Different species of the tabebuia bloom at various times of the year
William New and John Cameron, introduced the tabebuias to Bangalore They are ideal for planting in narrow streets and under the cable wires
BANGALORE: Many exotic and indigenous flowering trees have given Bangalore its well-deserved sobriquet "Garden City."
But every tree lover's first love appears to be the tabebuia, whose glorious flowers paint the town yellow come March-April.
In his book, "Blossoms of Bangalore," the former Chief Secretary, the late T.P. Issar, noted that 10 species of the tabebuias are acclimatised in Bangalore. The European curators of Lalbagh, William New and John Cameron, introduced the tabebuias as exotic flowering trees in the late 19th century.
Retired forest officer S.G. Neginhal, who orchestrated the second coming of Bangalore as Garden City in the eighties, and has authored three books on trees, says the tabebuias are ideal for planting in narrow streets, and under the cable wires, because they grow to a medium height of 8 metres. They have limited use, other than emblazoning the skyscape with the brilliant yellow that captivates the beholder.
But, the different species of tabebuias flower at different times and so there can be a splash of the "tree of gold" (or pink) at various times in a year.
Assistant Director of Horticulture S. Narayanaswamy has studied the seasonal cycle of blooms.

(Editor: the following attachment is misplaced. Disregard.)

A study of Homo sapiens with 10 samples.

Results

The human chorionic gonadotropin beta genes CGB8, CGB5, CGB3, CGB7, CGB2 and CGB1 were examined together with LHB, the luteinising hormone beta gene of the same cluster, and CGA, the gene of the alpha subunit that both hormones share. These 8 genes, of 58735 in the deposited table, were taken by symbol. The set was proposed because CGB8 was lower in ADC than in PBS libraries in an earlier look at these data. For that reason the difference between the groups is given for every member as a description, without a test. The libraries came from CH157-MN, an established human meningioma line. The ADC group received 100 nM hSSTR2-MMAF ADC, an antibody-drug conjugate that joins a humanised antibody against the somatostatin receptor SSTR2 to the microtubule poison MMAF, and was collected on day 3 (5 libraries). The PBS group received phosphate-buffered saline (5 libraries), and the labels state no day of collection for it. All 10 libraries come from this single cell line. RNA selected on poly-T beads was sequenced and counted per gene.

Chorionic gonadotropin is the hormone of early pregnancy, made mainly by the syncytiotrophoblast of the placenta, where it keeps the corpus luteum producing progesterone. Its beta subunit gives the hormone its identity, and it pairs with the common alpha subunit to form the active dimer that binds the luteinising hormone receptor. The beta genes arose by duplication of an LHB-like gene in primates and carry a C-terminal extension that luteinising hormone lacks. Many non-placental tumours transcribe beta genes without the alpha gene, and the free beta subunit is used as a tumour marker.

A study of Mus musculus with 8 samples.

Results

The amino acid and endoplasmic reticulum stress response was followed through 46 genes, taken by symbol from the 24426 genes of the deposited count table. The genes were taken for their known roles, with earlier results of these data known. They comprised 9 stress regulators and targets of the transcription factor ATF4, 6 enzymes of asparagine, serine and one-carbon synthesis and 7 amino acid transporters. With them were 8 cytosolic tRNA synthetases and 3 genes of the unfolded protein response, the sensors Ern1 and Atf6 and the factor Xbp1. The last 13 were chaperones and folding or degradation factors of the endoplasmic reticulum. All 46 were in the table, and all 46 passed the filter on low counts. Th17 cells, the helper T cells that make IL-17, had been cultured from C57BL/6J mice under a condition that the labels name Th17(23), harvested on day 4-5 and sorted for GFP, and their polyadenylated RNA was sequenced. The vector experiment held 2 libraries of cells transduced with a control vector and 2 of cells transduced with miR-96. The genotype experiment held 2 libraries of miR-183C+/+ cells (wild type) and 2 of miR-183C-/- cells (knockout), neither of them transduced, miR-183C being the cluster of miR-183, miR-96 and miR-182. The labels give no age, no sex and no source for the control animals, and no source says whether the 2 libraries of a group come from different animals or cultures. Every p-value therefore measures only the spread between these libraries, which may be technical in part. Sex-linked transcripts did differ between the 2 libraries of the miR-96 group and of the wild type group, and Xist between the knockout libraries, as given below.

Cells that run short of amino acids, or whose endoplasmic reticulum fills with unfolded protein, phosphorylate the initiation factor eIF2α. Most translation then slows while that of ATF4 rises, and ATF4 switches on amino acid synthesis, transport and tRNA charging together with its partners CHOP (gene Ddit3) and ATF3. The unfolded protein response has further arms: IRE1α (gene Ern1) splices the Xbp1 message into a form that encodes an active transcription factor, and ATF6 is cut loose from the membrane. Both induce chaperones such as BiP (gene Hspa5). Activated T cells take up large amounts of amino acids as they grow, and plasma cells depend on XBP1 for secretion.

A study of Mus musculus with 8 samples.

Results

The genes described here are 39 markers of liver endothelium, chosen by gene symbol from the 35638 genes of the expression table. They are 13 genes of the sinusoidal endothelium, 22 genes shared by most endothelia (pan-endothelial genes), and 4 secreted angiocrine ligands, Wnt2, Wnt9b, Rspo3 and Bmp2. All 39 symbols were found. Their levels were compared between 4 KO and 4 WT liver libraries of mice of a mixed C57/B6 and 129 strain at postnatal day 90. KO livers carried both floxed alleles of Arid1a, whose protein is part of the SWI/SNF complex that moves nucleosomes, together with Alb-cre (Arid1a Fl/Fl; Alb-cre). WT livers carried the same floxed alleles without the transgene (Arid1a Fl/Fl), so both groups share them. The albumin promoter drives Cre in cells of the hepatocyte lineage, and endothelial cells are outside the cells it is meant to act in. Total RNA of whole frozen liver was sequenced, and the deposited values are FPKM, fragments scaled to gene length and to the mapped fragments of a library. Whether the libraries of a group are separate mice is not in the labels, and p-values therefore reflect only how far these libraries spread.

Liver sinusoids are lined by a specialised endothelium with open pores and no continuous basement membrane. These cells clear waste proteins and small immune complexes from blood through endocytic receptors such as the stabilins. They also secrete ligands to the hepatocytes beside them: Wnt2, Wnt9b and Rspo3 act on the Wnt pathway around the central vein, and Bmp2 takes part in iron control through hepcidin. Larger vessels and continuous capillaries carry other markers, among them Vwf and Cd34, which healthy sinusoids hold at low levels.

The blooming begins at the end of the rainy season, and the first to bloom is the T. avellanedae.
November sees the flowers emerge in singles, and in a few days, the leaves are shed. But a couple of days later, the buds burst open, and the deep pink, bell-shaped flowers make misty mornings all the more enchanting.
This is the vision that stops pedestrians in their tracks at Minsk Square or Basaveshwara Circle on many a wintry afternoon.
The T. argentea pops up pertly in the first week of January.
The T. spectabilis brings its dazzling flowers in a spectacular display in the first week of March, but the glory lasts only a week.
Then the T. rosea takes a turn, as its semi pink and white flowers make a riveting pink-white green canopy since this one does not shed the leaves.
The T. rosea grandiflora is the grandest of all, and it splashes out in light pink after all its sisters have gone offstage. But only a few of these trees remain in Lalbagh and Cubbon Park.
March-April is the also the time of the glassy pink T.pallida to join the carnival of colours.
A solitary T. donnell smithii, is found in Raj bhavan. It is a native of Mexico with glistening yellow trumpet-shaped flowers.